The most popular Christmas carol in America stands apart from the others in a number of ways: It’s not upbeat, there are no fanciful characters and it isn’t religious. Instead, it’s melancholy and wistful – full of longing for bygone days.
David Hyde hears from three listeners about their experiences with the Seattle Plan. Heather, Martin, and Robert talk about their memories of the race-based busing program enacted by the Seattle School Board that lasted from 1972 to 1999.
Coming up on Speakers Forum, December 19 at 9:00 p.m.
What would you say if you had five minutes onstage and a captive audience?
That's the premise of Ignite Seattle, a regular worldwide event where presenters get five minutes and twenty PowerPoint slides to get a point across. Speakers at November’s event touched on a variety of topics, including living in two cities, superbugs, and little-known facts about "Hamlet."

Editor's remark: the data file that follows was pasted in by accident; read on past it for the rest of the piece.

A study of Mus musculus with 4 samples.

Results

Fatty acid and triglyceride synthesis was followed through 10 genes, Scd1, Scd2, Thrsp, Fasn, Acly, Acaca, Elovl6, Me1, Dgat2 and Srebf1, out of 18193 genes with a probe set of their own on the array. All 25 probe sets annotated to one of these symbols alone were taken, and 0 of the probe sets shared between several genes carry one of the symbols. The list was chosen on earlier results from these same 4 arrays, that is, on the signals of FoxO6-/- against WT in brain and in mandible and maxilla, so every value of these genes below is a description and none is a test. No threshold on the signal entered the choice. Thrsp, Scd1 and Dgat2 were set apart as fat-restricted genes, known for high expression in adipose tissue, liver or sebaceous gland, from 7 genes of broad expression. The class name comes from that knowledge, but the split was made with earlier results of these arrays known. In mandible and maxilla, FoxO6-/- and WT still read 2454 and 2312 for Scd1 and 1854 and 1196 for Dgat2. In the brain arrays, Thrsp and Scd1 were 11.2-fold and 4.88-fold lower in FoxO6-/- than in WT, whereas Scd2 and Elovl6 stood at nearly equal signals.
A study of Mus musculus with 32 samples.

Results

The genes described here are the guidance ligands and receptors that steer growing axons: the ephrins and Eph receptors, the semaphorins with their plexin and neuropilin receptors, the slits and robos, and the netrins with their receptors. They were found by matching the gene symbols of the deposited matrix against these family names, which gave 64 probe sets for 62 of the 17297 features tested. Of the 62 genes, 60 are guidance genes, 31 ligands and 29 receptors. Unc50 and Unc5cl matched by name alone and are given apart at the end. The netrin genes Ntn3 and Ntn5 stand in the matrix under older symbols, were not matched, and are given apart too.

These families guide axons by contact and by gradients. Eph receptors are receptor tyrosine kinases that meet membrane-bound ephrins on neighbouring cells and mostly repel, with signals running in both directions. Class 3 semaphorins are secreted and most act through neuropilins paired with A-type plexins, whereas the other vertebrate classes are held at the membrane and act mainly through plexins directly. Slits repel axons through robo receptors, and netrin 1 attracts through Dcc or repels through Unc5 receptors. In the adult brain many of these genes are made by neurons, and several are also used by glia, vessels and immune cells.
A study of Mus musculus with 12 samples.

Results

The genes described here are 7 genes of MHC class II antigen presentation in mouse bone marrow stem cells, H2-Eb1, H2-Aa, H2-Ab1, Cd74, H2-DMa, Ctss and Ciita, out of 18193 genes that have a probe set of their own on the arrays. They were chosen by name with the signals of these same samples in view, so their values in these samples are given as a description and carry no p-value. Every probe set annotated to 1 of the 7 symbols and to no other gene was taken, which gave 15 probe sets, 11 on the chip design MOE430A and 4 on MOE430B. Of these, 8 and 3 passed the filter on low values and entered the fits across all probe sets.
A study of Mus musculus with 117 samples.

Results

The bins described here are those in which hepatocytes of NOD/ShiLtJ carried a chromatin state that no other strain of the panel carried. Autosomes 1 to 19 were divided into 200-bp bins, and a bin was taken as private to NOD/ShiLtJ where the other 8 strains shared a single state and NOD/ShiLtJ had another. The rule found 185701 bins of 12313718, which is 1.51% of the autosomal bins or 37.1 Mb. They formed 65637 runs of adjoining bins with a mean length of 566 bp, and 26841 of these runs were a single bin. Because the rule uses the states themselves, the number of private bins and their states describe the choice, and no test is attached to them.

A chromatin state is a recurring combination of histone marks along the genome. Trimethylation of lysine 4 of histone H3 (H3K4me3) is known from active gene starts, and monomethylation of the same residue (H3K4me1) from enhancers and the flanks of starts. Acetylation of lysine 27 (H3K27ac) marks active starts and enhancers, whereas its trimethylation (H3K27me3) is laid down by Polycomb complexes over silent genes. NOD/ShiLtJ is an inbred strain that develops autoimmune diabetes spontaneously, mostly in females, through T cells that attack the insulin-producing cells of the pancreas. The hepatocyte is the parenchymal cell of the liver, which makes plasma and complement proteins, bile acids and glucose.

Ignite Seattle 22 took place at Town Hall on November 20. The talk was moderated by Seattle Times columnist Monica Guzman.
William Booker, a bomber with the Tuskegee Airmen, never complained.
He didn't complain about being pushed from town to town – from Texas to Florida, to Michigan, to Indiana and to Kentucky – because whites didn’t want black troops stationed near their homes. Nor did he complain about being segregated from other fighter squadrons.
It's been a busy week: Talks between Boeing and its machinists union to secure the 777X continue to be rocky. Bertha, the world's largest tunneling machine, ground to a halt 60 feel below downtown and Seattle Mayor Mike McGinn looked back on four years in office. We talk over those stories and more of the week's news with Joni Balter of the Seattle Times, The Stranger's Eli Sanders and Crosscut's Knute Berger.